Last August, Nikkei Business magazine reported the travails of a businessman from a regional city on a sales trip to Tokyo. His company’s accommodation allowance covered a maximum of ¥8,000 per night, but he couldn’t find a centrally located hotel room for under ¥20,000.

After much Googling and mouse-clicking, he finally found affordable overnight lodgings and booked a room. Several sales calls, a dinner and drinks later, he was ready to sack out when he learned to his dismay that in his unfamiliarity with Tokyo’s geography he’d confused Akishima with Showajima (the two are written using similar but not identical characters). The latter, close to Haneda Airport, is served by the Tokyo Monorail line, with good access to the city center. But Akishima, where his hotel happened to be located, required a 90-minute train trip in each direction. Since he’d arranged for an early appointment the next morning, he got very little sleep that night.

The aforementioned gentleman was the victim of the skewed supply-demand situation for hotel accommodations, which is by no means limited to Japan’s capital. Occupancy rates at business hotels in Osaka, for instance, soared from 78.6 percent in 2013 to 85.4 percent by May 2015. As a result, finding affordable rooms on short notice has become much more difficult. Travelers to Fukuoka and Sapporo are also feeling the pinch.

Nor are businessmen traveling on shoestring budgets the only ones complaining. In an article titled “Winners and losers in the hotel price increase war,” Shukan Bunshun (Nov. 19) noted that first-class city hotels have also boosted their room rates.

“The rapid increase in foreign tourists has skewed the balance of supply and demand, and a price war has sprung up that takes advantage of customers’ vulnerability,” remarked Yutaka Nakamura, former chairman of the Japan Hotel Association.

The room tariff system applied in the past, Nakamura explained, has given way to reservations via the Internet, by which room rates are determined by more vague criteria, such as day of the week or check-in time. This tight hotel situation has led more foreign visitors to turn to minpaku (a term that covers stays in both private homes and vacant apartments).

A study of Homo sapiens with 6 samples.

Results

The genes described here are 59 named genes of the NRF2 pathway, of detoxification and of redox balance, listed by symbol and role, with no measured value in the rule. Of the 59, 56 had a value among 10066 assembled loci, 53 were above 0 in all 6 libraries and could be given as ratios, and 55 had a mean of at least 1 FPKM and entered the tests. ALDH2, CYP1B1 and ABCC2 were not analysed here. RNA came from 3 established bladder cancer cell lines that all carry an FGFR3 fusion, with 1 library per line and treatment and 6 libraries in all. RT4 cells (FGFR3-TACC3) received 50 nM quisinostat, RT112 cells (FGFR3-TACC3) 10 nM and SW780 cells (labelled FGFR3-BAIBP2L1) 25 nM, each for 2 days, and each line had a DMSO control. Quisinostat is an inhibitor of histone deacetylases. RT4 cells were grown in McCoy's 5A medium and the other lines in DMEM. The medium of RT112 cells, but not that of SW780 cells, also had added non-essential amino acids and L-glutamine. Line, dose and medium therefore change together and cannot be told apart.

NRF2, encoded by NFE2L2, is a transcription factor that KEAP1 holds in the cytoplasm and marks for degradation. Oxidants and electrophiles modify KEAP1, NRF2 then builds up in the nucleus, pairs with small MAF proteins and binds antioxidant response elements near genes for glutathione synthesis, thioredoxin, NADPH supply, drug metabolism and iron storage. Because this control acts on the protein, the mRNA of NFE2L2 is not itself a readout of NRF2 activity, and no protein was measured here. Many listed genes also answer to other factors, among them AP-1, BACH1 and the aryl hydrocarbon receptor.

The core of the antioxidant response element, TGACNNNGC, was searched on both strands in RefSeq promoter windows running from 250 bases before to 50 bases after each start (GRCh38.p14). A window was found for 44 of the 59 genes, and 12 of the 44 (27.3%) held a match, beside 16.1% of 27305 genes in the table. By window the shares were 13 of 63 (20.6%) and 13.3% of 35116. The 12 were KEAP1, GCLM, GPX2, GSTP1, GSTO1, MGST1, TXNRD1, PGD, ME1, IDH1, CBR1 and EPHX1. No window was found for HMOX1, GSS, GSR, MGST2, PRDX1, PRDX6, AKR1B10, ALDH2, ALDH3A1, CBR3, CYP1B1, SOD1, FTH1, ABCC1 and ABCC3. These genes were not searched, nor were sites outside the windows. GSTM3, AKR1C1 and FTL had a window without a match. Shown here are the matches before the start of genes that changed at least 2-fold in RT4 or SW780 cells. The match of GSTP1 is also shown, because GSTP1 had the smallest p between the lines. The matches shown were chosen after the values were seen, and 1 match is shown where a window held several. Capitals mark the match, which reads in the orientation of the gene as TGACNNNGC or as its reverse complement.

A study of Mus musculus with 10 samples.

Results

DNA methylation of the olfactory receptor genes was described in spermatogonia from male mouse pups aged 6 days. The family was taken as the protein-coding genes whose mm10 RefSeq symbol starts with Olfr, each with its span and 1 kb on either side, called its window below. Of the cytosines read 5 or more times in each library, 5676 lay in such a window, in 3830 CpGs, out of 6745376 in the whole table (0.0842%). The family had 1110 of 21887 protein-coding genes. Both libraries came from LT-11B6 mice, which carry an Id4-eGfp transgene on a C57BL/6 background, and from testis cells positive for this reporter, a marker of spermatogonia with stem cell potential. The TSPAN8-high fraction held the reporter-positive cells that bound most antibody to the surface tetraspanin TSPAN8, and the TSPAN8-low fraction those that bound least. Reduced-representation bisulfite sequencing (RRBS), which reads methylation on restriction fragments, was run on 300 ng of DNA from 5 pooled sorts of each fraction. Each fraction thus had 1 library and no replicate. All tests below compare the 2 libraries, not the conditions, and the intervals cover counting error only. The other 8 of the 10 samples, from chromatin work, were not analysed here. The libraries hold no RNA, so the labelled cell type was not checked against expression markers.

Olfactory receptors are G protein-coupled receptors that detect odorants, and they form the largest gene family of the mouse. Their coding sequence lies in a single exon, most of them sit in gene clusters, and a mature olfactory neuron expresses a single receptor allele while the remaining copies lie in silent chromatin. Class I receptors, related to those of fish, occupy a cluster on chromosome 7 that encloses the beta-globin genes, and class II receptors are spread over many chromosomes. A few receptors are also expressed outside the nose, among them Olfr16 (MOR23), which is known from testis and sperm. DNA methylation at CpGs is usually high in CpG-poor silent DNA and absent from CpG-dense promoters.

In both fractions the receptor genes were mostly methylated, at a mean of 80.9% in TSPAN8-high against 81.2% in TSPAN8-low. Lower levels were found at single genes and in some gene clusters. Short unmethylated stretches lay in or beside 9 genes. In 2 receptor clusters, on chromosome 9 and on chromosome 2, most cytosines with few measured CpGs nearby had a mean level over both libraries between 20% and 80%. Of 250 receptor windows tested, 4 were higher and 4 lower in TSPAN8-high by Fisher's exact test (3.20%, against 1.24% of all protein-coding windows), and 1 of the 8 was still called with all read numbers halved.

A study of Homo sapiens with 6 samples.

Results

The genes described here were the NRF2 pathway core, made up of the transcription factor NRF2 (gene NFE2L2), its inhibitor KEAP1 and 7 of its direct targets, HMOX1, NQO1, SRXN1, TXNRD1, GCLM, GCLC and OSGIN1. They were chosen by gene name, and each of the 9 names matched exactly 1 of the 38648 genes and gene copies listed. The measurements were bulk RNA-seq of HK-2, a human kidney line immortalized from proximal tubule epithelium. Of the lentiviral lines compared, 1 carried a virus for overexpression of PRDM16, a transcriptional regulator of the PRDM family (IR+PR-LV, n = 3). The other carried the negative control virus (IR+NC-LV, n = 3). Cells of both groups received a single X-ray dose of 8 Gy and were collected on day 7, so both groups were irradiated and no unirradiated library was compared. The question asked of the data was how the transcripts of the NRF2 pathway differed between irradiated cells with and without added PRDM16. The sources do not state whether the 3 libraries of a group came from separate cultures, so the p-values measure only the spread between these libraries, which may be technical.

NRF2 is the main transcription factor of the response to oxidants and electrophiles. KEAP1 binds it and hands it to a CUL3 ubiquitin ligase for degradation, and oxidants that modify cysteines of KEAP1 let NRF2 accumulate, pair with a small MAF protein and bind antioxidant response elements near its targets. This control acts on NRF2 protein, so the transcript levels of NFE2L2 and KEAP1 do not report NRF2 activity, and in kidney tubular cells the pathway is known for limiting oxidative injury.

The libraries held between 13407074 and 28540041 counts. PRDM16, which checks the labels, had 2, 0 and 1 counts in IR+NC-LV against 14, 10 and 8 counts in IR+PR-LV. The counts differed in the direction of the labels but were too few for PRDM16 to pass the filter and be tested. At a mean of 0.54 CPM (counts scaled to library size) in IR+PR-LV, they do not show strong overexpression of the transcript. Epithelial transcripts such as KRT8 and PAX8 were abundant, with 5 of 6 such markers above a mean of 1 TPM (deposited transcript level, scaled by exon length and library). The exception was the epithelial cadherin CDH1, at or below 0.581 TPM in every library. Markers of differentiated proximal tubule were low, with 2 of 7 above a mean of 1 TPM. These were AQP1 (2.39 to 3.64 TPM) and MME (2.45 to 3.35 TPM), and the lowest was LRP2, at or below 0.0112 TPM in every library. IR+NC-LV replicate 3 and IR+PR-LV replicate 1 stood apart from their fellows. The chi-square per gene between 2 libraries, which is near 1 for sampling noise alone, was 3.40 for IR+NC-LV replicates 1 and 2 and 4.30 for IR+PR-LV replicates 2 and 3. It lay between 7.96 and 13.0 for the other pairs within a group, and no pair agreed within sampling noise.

Short-term minpaku arrangements, which can be made via apps such as Airbnb.com, can be quite lucrative for the apartment owners. As opposed to about ¥200,000 a month for long-term rental of a “2LDK” (two rooms, a living room and a dining room/kitchen), tourists might pay about ¥25,000 a night.

“By renting out a place for, say, 20 days a month, an owner can rake in ¥500,000,” journalist Atsushi Sakaki tells Shukan Bunshun (Dec. 3), pointing out that outside services are usually contracted to handle cleanup and hand over the door keys.

Along with concerns over violations of Japan’s Hotel and Ryokan Management Law, the regular residents of such buildings are becoming a bit unnerved by these foreign interlopers, who noisily come and go at all hours. Chinese visitors, with their propensity to shop like crazy — a practice referred to as bakugai (“explosive buying”) — are also a source of friction.

“In the trash collection areas on each floor, you’ll see veritable mountains of discarded boxes for cosmetics, shoes, small electrical appliances and so on,” complained one female resident. “And they don’t even bother to flatten and tie them up for pickup. I had to go to the building custodian for assistance.”

Yukan Fuji (Dec. 5) reported that when police went to investigate a 44-unit condominium in Kyoto’s Ukyo Ward, they found that between late July and early October of this year, some 36 units were being rented out to foreign tourists at rates of between ¥6,500 to ¥8,800 per night.

“Along with endeavoring as much as possible to make Japanese people’s values and living customs understandable (to outsiders), the government should also consider establishing detailed rules for stays in residential buildings that consider the sensibilities of residents and local society,” Yukan Fuji quoted Rikkyo University professor Kazuhiro Tamai as saying.

To meet the demand projections, at least 11,000 more hotel rooms are planned for Tokyo by the time of the 2020 Olympics. But will that be enough?

“Given an event with the global lure of the Olympics, 25 million or more arrivals over a certain time frame doesn’t seem particularly far-fetched,” Nacio Cronin, director of International Public Relations at Tokyo’s Imperial Hotel, told The Japan Times. “But as it is now, Japan isn’t prepared for that volume of visitors — either in terms of hardware or software. There aren’t enough hotel rooms, nor are the current human resources trained sufficiently to welcome and comfortably accommodate guests from so many different origins.”

The cover story in Nikkei Business (Nov. 30) concluded that the only way to ensure Japan can cope with the projected growth in inbound visitors — which is expected to surpass 20 million this year and reach 30 million by 2020 — will be to channel far larger numbers of them to rural parts of the country. The magazine pointed to Taiwan, which has succeded in attracting many repeat visitors through ways to diversify their experiences, such as by offering some 4,500 km of dedicated cycling trails — a length equivalent to more than four times Taiwan’s entire circumference.

From October, All Nippon Airways and HIS Travel began jointly organizing cycling tours between Onomichi, Hiroshima Prefecture, and Imabari, Ehime Prefecture, via seven islands in the Inland Sea. Some 30 percent of tour participants were reportedly from overseas, including, perhaps not surprisingly, Taiwan.